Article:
The Negative Impacts of Eco-Shaming - a perspective from Leah John
July 28, 2022 · 4 min read
I can’t become vegan. Now rationally, I know that if you are able to, it's probably the most moral thing to do. It’s better for the environment, it’s better for your health, and it’s better for the animals who are currently kept in the meat industry’s inhumane conditions. Yet despite knowing all of that, I can’t give up animal products. Moreover, I don’t shop completely sustainably. I definitely can supplement my wardrobe from second-hand shops. Yet despite there being many thrift stores in my near vicinity I still find myself purchasing the occasional cheap dress wrapped in layers of plastic packaging from an online fast-fashion boutique. I’m not perfect and because of that, I still knowingly partake in practices that are not the most ethical choice. Grappling with that reality, however, was extremely difficult and led to me doing mental backflips in order to try and justify my actions.
“Am I not allowed to want a nice wardrobe?!”
“One person wouldn’t make a difference anyway!”
“Worrying about Carbon Dioxide and Plastic Waste is a corporation problem, not mine!”
Logically, I knew my arguments were gross oversimplifications, but I was a GOOD person, a MORAL person. So if I was still engaging in these behaviors, they couldn’t be that bad right? I am not the only one struggling with the cognitive dissonance between my desire to be a “good person” and my actions. A 2020 study found that although most people want to live more sustainably they are put off from trying when they believe doing so is extremely difficult. The stricter the barriers to ethicality the less likely people are to put in any effort at all. This in turn suggests that marketing environmentalism as a “you’re either all in or all out” movement is extremely ineffective.
The social media discourse on how to achieve an ethical existence centers around shaming others for bad choices instead of providing tangible action items. This phenomenon has been coined “eco-shaming”. Although shame can be a very powerful tool to change behavior, sociologist Erich Goode finds that it isn’t universally effective, especially when those shaming are strangers on the internet. When one is being shamed by someone in their life they are more likely to want to change their behavior as they respect the opinion of said person. However, shaming from strangers on social media does little to change minds and in fact, could possibly further alienate people. In short, publicly humiliating people online has simply made being environmentally conscious more daunting, and unapproachable. This dichotomy has resulted in a large population of people who want to engage in responsible consumer behavior but don’t know how. According to a survey conducted by Deloitte, 15% of consumers who have not been actively engaging in adopting a more sustainable lifestyle have attributed their behavior to simply not having enough information on how to do so. A 2020 Mckinsey & Company study found that 66% of respondents consider sustainability when making purchases. Clearly, people want to make a social impact, they just need to be given the toolset to do so.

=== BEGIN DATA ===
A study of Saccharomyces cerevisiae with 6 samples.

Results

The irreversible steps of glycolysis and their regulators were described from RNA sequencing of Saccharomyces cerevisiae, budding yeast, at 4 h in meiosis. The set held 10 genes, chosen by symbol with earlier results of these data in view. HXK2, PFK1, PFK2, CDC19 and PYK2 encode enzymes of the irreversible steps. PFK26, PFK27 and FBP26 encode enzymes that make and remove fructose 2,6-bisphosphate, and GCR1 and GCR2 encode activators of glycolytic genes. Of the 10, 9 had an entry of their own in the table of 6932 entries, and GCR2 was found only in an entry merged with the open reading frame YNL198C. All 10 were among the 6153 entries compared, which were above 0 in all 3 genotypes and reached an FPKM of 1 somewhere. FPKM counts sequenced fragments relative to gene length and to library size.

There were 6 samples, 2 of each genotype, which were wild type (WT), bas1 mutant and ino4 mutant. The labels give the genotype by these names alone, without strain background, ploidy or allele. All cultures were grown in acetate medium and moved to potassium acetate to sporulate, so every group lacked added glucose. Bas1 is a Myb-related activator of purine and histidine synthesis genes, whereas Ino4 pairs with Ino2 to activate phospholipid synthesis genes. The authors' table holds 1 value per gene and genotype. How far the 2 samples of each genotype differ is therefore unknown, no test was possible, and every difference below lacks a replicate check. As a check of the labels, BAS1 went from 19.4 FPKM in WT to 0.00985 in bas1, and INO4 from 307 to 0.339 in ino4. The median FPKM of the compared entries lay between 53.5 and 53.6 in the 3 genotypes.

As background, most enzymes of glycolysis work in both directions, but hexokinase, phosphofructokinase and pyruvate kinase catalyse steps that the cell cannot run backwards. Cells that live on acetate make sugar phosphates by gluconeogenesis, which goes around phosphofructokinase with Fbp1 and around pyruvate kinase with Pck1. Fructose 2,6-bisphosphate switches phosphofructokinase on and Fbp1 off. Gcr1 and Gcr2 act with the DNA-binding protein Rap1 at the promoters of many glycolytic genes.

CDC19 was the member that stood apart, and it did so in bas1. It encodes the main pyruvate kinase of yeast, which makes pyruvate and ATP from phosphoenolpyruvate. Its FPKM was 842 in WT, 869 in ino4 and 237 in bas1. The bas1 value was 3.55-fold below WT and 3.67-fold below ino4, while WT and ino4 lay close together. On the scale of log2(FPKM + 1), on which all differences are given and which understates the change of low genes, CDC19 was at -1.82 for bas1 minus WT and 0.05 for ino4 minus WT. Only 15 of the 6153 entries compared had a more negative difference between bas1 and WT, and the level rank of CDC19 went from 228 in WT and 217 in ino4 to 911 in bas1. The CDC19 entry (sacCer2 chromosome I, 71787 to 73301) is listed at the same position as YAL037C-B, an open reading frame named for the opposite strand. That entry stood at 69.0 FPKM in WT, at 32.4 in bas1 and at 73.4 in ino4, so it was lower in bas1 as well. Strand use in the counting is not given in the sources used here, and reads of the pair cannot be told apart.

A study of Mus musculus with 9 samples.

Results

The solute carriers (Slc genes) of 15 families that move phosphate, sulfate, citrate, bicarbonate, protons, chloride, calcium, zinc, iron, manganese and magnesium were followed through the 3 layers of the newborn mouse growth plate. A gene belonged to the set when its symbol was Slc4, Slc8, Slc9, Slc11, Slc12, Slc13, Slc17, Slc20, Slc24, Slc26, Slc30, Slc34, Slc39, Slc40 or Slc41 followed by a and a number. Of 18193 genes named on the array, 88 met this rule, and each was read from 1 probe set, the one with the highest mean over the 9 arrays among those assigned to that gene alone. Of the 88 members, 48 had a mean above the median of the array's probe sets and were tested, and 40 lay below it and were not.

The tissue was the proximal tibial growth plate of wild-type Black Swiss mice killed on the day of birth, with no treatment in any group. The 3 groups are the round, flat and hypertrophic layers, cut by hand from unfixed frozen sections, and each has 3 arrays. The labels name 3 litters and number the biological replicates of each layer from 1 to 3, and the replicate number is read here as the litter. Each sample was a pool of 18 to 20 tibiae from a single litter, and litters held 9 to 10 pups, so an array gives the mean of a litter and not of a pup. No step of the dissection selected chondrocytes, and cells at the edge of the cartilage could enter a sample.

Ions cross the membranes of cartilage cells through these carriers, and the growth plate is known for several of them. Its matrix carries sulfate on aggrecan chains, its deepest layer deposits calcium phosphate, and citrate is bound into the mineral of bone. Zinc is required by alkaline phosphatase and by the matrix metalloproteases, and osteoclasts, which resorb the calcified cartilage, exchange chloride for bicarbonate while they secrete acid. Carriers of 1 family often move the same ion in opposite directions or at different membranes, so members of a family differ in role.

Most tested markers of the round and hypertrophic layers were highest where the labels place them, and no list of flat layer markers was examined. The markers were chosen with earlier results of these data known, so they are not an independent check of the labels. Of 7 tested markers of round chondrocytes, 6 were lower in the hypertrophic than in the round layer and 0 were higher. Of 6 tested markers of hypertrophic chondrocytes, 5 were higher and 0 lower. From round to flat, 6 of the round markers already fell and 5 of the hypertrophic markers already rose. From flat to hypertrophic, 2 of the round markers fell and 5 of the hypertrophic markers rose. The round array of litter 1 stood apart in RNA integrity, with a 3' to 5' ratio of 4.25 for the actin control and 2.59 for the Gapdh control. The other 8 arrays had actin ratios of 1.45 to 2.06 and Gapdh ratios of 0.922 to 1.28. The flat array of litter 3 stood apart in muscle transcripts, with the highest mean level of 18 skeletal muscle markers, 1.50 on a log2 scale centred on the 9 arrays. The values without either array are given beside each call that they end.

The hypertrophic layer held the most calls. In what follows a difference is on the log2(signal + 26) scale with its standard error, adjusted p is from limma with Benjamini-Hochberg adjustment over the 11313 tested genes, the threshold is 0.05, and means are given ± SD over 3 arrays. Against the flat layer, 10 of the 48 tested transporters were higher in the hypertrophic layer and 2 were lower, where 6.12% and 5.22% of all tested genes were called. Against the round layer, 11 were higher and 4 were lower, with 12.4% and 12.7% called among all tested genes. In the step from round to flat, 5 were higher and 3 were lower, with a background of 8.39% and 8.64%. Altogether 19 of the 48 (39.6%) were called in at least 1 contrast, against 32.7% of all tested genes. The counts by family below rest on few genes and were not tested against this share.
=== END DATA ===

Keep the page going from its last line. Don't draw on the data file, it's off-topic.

Instead of shaming, we need to INVITE people to join the movement. Precycle is just one example of that as it allows people to make a difference without have to make completely life-altering choices. By contributing a voluntary amount, individuals can ensure they are funding the ethical and sustainable removal of the same amount of plastic from the environment as they are putting in. Although this is clearly not the same as living completely plastic-free, plastic compensation is an action they can actually commit to that helps mitigate the harms of their unavoidable plastic pollution.
Study after study makes it clear, there are plenty of people like me who want to engage in some sort of sustainable practices. Startups like Precycle allow people to do so without breaking the bank or altering their life completely. So if you are like me, and like bacon just a little too much for your own good, if the occasional plastic fork finds its way into your lunch plans: don’t wallow in shame and give up altogether.Look for solutions like Precycle that treat you like an active part of the solution instead of an apathetic viewer of an issue. It may take a bit of time, but cleaning up the environment for sake of our future generations is possible, one plastic credit at a time.